New book about Urban Larsson
In 2017 two retrospective exhibitions of Urban Larsson’s paintings will take place in Sweden and subsequently in the Netherlands: from February 18 to April 16 at the Sven-Harrys Konstmuseum in Stockholm, and from April 25 to June 18 at De Mesdag Collectie in The Hague. An eponymous publication, published by Lecturis, will be presented with these exhibitions, titled Urban Larsson - Painting from Life.
The preface of the catalogue is written by Axel Rüger, (director of the Van Gogh Museum and De Mesdag Collectie), and Elsebeth Welander-Berggren (director of the Sven-Harrys Konstmuseum). The essay on Larsson's portraits is written by Sabine Craft-Giepmans (Head of the ‘Fine Arts until 1750’ department at the RKD-Dutch Institute for Art History in The Hague). Edwin Becker (chief Curator of Exhibitions at the Van Gogh Museum in Amsterdam) has conducted an interview with the artist. The catalogue comprises images of the paintings that can be seen at both exhibitions as well as a selection of paintings that have been made recently. In addition to the still-lives and landscapes there are, for instance, two full-length portraits, of H.M. King Willem-Alexander and H.M. Queen Maxima, commissioned by Sociëteit de Witte in The Hague and the portrait of H.M. Queen Silvia of Sweden, commissioned by the National Museum in Stockholm. The catalogue has been compiled by Wendela Burgemeister (art historian).
The catalogue will be offered for sale at the Sven-Harrys Konstmuseum and at De Mesdag Collectie. It will further be for sale online, in bookstores and at the Van Gogh Museum in Amsterdam.
Title: Urban Larsson - Painting from Life
Dimensions book: 240 x 290 mm
Circa 112 pages, excluding cover
Text in English
Retail price: € 22,50
Urban Larsson has featured in many magazine and newspaper artictles and, to date, three books about his work have been published. The first title Urban Larsson: Paintings 1991-2006 (Waanders Publishers, 2008) has sold out and can only be acquired through antiquarian booksellers.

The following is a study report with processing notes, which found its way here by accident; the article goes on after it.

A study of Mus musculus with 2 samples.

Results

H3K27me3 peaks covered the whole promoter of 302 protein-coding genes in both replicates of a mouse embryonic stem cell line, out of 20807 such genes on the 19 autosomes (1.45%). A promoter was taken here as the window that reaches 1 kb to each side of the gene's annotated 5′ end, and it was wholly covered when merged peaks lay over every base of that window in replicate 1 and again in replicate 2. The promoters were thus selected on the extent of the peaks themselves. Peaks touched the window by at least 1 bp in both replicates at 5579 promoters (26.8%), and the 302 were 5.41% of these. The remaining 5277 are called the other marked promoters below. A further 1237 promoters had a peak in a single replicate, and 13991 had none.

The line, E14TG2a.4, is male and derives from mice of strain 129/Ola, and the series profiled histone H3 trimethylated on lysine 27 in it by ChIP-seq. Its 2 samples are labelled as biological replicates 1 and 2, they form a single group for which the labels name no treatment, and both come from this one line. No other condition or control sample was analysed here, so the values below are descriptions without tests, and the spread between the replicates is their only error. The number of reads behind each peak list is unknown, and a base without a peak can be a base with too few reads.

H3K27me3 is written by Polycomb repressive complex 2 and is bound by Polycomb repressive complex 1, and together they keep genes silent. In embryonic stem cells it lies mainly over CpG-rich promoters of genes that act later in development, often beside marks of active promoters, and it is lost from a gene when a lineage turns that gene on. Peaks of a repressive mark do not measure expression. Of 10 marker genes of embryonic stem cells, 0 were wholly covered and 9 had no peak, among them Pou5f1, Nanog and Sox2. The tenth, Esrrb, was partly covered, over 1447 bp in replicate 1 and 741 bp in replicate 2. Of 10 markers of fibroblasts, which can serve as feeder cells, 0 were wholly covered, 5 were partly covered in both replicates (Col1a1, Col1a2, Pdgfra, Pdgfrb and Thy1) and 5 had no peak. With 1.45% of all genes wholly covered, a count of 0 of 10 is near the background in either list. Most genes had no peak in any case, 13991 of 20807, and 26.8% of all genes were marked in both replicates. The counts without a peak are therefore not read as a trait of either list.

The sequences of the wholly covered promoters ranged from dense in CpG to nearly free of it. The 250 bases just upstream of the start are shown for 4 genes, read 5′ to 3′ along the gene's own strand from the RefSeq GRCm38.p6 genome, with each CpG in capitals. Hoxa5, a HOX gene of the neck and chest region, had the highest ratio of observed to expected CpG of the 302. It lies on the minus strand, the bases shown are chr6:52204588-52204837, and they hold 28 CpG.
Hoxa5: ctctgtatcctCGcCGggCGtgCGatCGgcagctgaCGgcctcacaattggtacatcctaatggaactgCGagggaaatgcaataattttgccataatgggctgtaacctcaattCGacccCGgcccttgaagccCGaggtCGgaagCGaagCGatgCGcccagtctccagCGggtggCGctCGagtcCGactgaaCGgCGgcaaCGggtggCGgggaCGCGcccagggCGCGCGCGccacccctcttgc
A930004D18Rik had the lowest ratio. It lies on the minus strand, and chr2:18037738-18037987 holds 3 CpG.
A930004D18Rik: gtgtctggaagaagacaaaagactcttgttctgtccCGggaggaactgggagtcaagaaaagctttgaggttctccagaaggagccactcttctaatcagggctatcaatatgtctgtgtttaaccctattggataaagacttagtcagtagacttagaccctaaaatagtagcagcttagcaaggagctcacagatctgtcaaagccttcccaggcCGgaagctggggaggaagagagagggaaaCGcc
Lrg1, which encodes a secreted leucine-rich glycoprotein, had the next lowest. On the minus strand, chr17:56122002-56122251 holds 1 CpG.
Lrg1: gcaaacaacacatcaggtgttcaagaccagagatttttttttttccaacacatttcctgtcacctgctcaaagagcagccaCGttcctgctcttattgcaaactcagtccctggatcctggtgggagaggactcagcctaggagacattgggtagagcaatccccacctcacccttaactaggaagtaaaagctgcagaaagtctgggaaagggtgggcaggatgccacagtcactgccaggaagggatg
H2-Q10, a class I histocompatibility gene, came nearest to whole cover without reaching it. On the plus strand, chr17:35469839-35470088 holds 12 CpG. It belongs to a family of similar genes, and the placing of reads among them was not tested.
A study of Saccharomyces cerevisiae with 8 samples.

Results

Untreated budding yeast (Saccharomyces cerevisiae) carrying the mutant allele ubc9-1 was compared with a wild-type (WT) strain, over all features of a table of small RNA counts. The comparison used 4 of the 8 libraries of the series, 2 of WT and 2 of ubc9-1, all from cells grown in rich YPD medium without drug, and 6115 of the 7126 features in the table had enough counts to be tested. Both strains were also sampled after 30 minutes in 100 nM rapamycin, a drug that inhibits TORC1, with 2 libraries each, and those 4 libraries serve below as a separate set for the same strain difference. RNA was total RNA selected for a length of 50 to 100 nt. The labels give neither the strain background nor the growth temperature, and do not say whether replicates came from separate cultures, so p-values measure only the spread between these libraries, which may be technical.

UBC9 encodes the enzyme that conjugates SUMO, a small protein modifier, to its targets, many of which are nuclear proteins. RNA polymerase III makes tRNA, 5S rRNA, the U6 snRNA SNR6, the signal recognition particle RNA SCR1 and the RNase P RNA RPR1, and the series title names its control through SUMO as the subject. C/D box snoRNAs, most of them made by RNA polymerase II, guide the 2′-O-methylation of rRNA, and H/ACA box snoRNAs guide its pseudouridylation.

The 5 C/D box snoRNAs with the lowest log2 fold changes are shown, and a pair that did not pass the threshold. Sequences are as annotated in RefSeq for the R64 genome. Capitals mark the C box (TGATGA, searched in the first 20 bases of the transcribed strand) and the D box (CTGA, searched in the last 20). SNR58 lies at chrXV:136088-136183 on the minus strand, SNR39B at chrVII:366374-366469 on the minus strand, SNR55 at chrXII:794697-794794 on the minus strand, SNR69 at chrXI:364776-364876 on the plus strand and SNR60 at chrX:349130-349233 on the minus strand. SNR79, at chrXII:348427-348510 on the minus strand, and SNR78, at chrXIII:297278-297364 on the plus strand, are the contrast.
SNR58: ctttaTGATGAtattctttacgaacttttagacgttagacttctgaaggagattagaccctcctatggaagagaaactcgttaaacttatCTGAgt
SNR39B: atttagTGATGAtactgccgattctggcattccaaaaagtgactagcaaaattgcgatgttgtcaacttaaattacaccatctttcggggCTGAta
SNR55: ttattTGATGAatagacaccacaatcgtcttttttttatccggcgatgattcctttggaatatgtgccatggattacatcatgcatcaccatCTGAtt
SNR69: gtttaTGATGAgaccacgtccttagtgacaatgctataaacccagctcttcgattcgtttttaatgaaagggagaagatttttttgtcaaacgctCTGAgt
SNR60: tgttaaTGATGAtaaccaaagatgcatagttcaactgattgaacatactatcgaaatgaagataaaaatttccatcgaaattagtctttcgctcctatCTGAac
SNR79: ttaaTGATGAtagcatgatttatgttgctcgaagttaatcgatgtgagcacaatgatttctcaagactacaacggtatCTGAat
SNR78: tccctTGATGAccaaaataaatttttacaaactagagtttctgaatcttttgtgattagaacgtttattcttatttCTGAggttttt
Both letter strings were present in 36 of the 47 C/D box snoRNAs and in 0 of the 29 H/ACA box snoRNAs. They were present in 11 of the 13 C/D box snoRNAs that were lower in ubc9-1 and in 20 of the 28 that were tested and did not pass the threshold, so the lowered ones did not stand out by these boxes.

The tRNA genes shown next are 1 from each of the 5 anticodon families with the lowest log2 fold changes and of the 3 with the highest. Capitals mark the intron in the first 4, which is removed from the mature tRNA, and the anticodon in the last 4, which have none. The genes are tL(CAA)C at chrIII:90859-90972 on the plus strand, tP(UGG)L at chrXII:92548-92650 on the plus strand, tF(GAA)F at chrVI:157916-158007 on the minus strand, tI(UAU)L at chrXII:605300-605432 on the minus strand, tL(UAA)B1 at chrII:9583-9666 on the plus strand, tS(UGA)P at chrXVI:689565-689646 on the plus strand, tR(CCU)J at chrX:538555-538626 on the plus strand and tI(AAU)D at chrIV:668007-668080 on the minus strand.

The second title is still available new:
Urban Larsson: Paintings & Drawings. Publisher, Bekking & Blitz, 2010. Length, 160 pages, more than 150 color illustrations.
Foreword from the earlier book
“Urban Larsson Paintings 1991-2006”
“We have had a gutful of fast art and food. What we need more of is slow art: art that holds time as a vase holds water: art that grows out of modes of perception and making whose skill and doggedness make you think and feel; art that isn’t merely sensational that doesn’t get its message across in 10 seconds, that isn’t falsely iconic, that hooks onto something deep-running in our natures.” (Extract from art critic Robert Hughes’ speech at a Royal Academy dinner in 2004)
In our times of constantly changing new fast techniques and engaging digital visual explosion it is obviously anachronistic to engage in the slow and painstaking process of making oil paintings which are trying to be subtle, silent and inspire reflection. But maybe just because of this anachronism it is important and meaningful.
Many people ask me to give the paintings I do a name or style. In our world where art has no boundaries and there are more “isms” than painters, one way of describing it is “Traditional realism”. “Traditional realism” is not a realism which is self-taught, nor does it originate from modern art, and nor is it based on photographs. The basis of it is the visual study of nature, the visual language and techniques from artists of earlier centuries, and the concept of beauty. This might seem constraining, but as history has shown, the personal interpretation of this “grammar” by the artist and his own expression, makes it quite the opposite.
Andy Warhol, an icon of the post war art scene, once said “The course of art history would be changed if one thousand students could be taught Old Master drawing and painting techniques.” A wish from an ever growing international number of young artists over the last 20 years to learn how to paint in a traditional manner has resulted in a movement of professional artists reviving the techniques and visual language of painters from earlier centuries, reintroducing the concept of beauty and creating works of art which are visually and spiritually enriching.
It is a quiet group, working out of the limelight of the mainstream cultural institutions. Their increasing success and praise from the public are not measured by shock, controversy or hype, but rather through the silences and reflection their art inspires, and their increasing exposure at important galleries and museums worldwide. The course of art history has not of course been changed, but the art scene today is definitely broadening its horizons. We are still out of the mainstream, but I guess this book is one of the examples of how things have changed during the last couple of years.”